Basic English Grammar #4 – Adjectives

He is richest who is content with the least, for content is the wealth of nature.


I like quotes.

Moving on, Adjectives. If you still do not know what they do.



Adjectives describe nouns and pronouns. There are five types of adjectives – possessive adjectives, demonstrative adjectives, adjectives of number/quantity, descriptive adjectives and interrogative adjectives.

Possessive adjectives

These adjectives show ownership of certain nouns in a sentence/clause. They come before the noun. For example:

  • His watch is on fire.
  • Sally trashed my doll.

Demonstrative adjectives

These adjectives show the place of the noun. They also come before the noun. For instance:

  • These newspapers are old.
  • Dolly made that boy cry.

Adjectives of number/quantity

These adjectives show the amount/quantity of an object (the noun). E.g:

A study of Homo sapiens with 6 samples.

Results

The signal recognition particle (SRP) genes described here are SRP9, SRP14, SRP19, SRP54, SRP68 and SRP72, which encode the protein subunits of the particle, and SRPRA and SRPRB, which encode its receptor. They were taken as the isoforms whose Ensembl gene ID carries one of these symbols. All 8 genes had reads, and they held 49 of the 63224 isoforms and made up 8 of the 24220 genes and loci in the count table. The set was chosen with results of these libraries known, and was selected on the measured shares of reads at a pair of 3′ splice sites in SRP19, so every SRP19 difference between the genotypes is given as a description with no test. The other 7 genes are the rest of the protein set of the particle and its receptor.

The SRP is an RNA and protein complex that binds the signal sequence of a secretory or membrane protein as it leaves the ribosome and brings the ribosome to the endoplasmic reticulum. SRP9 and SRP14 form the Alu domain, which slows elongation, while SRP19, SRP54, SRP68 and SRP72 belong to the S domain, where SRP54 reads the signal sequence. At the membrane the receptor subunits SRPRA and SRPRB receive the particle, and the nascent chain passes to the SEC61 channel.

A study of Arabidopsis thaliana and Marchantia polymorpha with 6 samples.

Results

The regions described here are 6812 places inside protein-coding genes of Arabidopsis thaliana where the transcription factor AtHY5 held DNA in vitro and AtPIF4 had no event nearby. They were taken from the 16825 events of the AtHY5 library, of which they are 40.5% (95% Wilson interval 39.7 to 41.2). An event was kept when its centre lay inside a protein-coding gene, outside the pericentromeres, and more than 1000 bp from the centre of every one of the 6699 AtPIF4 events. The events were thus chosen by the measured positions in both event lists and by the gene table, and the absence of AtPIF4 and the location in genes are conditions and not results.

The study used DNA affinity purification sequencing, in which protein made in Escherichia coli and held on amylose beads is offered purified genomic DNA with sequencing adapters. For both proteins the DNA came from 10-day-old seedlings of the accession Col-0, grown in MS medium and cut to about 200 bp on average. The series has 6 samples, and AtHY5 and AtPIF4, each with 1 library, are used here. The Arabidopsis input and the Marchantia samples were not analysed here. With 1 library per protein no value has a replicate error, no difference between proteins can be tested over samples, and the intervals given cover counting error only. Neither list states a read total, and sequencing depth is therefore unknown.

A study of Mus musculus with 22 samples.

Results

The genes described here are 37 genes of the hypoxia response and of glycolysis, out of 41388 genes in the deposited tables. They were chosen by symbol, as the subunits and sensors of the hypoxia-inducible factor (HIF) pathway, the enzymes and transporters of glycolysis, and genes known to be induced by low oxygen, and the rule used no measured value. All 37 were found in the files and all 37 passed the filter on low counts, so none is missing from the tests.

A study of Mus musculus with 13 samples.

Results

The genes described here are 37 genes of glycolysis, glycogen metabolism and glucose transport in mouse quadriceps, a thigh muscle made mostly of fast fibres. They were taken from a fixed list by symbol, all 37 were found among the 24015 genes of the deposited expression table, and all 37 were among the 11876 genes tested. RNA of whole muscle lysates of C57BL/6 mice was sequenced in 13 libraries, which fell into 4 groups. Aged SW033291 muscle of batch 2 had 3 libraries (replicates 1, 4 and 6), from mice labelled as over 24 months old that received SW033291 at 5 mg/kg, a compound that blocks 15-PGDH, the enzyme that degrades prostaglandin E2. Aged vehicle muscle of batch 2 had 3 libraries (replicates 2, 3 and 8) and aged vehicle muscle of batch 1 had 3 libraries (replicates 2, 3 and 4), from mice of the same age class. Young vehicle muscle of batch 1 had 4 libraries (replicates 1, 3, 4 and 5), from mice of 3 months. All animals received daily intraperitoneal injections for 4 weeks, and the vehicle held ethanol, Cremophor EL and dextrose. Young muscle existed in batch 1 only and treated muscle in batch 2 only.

• Twenty-three students were present on that day.
  • There are still some cookies left.

Descriptive adjectives

The common ones, like:

  • He was amazing.
  • I am blue.

Interrogative adjectives

These adjectives ask questions. They come before the noun. For instance:

  • What colour is that dog?
  • Which guy did it?

Degrees of Adjectives

There are three degrees of adjectival usage, which are the positive, comparative and superlative degrees.

Positive degree

Positive degrees are used when you are describing only one element/noun in the sentence/clause. For example:

  • He is good.
  • I am bad.

Comparative degree

Comparatives are used when you are comparing an element/noun with another.

  • John is better than Leroy.
  • I am more interesting than Leana.

Superlative degree

Superlatives are used to describe an element/noun of the highest quality/degree. E.g:

  • He is the tallest among others
  • That soldier was the most brutal during war


Since adjectives have already taken so much space, we’ll press on adverbs on #4. Stay tuned!